Samian from Brough cont'd

4.2.4 Forms

The forms represented by source are detailed by sherd count and weight, and vessel count (based on records, adjusted for sherd links) in the database.The content of the assemblage is summarised on Fig.43, using percentages based on sherd count and vessels (derived from single-vessel records, adjusted for sherd links). The percentages exclude untyped sherds and vessels which vary according to source from 3-15% which, if included, lead to distortions.

figure 43
Fig.43: Samian vessels forms (percentages on sherds and vessels)

The overall content examined by source, is detailed in Table 7, percentages based on sherd count. The only differences between the use of count and maximum vessels (based on records) lay with the East Gaulish vessels, with the dishes at the slightly higher percentage at the expenses of the bowls, and the mortaria, a single vessel, much lower, probably below 1%. The sherd-count percentages have been used since the results are so close to those based on vessels, and sherds enable comparisons with other assemblages.

South Gaul Martres de Veyre Central Gaul East Gaul
Bowl, decorated 44.26 45.45 12.93 5.77
Bowl, plain 6.56 0 15.3 18.27
All Bowls (50.82) (45.45) (28.23) (24.04)
Dish 24.59 50 35.34 50
Cup 19.67 4.55 11.85 3.85
Beaker/Jug 0 0 0.87 0
Mortaria 0 0 2.59 4.81
Bowl/dish 1.64 0 4.53 2.88
Cup/BDish 0 0 0.44 0
Untyped 3.28 0 16.16 14.42
Total 100 100 100.01 100
Table 7: Principal forms by source (percentage)

This can be seen graphically in Fig.44.

figure 44
Fig.44: Principal samian forms by source (percentage sherds)

These percentages can be compared with the samian data from Lincoln city (a sample of nearly 10,000 sherds; Darling forthcoming a). Both the small samples, from South Gaul and Les Martres de Veyre (the latter too small a sample to be significant), show unusually high percentages of decorated vessels. This peculiarity has been noted in the samian from Lincoln, in groups of South Gaulish ware occurring as very residual sherds in later Roman contexts, as is the case with the Brough sherds. The South Gaulish group is also notably low on its content of dishes and cups. Since form 29 went out of production c.AD 85 (Webster 1996, 74) the ratio of South Gaulish form 29 to form 37, 1:5, suggests that we are dealing with material which was not deposited before the 80s, or even the early 90s.

The proportion of flat-based dishes, i.e., forms 36, 79 and related types, and Curle 15 and/or 23, is noticeably high at over 10% from the Hadrianic period onwards. There is no obvious reason for this. The seemingly high percentage of East Gaulish dishes may be related.

The ratios of Central Gaulish forms 27:33 and 18/31R:31R (the latter excluding vessels which could be of either form and which would, in any case, make very little difference) are 1:3.4 and 1.8, respectively. These figures suggest a bias towards the second half of the 2nd century and, more specifically, to AD 160 onwards. Therefore, even if a peak was reached in AD 160, no very significant decline seems to have occurred before AD190 or so.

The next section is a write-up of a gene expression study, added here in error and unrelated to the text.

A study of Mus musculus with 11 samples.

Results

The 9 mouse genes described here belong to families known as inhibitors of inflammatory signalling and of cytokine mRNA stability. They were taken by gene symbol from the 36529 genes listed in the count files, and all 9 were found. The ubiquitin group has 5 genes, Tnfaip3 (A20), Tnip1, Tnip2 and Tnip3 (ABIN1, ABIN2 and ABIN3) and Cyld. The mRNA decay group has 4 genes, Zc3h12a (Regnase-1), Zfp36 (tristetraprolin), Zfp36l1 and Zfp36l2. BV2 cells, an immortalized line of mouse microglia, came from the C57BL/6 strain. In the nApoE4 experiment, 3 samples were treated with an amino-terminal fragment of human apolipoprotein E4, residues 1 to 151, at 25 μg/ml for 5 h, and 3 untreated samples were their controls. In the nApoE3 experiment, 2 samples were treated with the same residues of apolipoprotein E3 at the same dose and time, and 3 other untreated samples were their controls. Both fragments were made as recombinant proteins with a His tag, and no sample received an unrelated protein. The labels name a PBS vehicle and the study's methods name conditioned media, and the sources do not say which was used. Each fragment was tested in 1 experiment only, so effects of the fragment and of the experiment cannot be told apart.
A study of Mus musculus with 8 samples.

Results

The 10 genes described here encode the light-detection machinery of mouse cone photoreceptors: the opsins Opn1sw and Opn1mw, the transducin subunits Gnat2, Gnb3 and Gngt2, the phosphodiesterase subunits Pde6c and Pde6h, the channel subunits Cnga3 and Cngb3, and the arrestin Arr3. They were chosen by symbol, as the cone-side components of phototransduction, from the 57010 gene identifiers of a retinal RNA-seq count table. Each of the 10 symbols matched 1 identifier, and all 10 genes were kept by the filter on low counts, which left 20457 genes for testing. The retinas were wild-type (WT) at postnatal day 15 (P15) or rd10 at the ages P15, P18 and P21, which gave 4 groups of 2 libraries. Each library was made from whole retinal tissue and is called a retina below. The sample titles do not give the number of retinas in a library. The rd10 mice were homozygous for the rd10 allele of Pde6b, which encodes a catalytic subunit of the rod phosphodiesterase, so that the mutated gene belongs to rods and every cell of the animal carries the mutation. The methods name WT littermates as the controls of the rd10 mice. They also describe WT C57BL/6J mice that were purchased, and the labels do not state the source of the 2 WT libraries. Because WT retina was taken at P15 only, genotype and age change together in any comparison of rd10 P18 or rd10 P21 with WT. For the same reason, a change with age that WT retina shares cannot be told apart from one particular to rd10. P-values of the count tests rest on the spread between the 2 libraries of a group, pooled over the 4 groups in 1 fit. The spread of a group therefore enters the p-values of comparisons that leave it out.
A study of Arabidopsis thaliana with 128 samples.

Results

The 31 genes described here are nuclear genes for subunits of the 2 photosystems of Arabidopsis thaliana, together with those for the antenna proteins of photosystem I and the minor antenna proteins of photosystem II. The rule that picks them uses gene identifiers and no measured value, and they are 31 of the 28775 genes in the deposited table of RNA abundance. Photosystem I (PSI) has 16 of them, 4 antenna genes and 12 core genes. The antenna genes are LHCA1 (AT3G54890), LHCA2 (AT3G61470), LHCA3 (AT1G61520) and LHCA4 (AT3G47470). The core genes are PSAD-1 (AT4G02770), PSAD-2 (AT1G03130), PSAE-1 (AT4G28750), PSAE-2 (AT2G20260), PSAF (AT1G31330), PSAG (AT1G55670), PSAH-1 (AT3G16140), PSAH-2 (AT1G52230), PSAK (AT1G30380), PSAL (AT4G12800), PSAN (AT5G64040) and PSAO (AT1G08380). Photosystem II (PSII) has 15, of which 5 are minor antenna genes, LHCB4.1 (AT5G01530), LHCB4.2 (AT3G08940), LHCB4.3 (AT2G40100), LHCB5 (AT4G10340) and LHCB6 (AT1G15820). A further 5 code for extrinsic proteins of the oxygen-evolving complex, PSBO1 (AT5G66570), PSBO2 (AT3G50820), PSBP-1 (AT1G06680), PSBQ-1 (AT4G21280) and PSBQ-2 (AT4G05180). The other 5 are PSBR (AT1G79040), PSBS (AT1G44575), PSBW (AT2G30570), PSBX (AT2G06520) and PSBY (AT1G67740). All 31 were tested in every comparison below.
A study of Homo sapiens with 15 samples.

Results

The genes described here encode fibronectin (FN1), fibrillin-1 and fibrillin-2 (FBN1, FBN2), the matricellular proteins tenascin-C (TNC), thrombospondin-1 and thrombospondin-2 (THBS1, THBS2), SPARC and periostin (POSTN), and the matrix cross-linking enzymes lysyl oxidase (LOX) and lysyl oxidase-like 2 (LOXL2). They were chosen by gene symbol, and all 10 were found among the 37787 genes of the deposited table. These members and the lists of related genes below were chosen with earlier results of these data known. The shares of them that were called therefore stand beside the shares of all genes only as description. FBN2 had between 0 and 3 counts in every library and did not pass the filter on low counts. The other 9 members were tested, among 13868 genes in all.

Products of the main sources, Central and East Gaul, at Brough may be usefully compared to figures from Lincoln city (sample: 5571 sherds CG; 1259 sherds EG). When the main forms for Lezoux samian are plotted, the only difference is a slightly lower percentage of cups (9%) at Brough than at Lincoln. The differences between the East Gaulish assemblages are, however, more marked, as can be seen in Fig.45.

figure 45
Fig.45: Comparison of assemblages of East Gaulish forms from Brough and Lincoln (sherds percentage)

This highlights the exceptionally high percentage of East Gaulish dishes (higher on vessel count), while the cups are again lower, and the percentage of mortaria from East Gaul seems exceptionally low at 4.8%, particularly since the single vessel count would have made this even lower (compare also Brancaster 16%; Caister-on-Sea 32%). In comparison to Lincoln, the proportion of decorated bowls appears low for East Gaul at 5.8% (Lincoln 13.4%). However the scarcity of East Gaulish decorated ware should not be seen at unusual. This may be an indication of differing status between a city and Brough; there is little appreciable difference in the East Gaulish dating between the two sites. The Plotdate of the Brough samian peaks at c.AD160, significantly earlier than that from Lincoln (see below). Taking into account the earlier date emphasis and since it seems that the proportion of decorated bowls declines in the late 2nd century, c.AD160/170 (Darling 1998), the percentage of Central Gaulish bowls from Brough may also be somewhat low, despite the similar percentages overall.

On the basis of comparison with the sample from Lincoln, a city likely to have had a similar supply in the 2nd and 3rd centuries, the Brough assemblage appears to be abnormal. More data from other sites is needed to assess whether such differences are significant.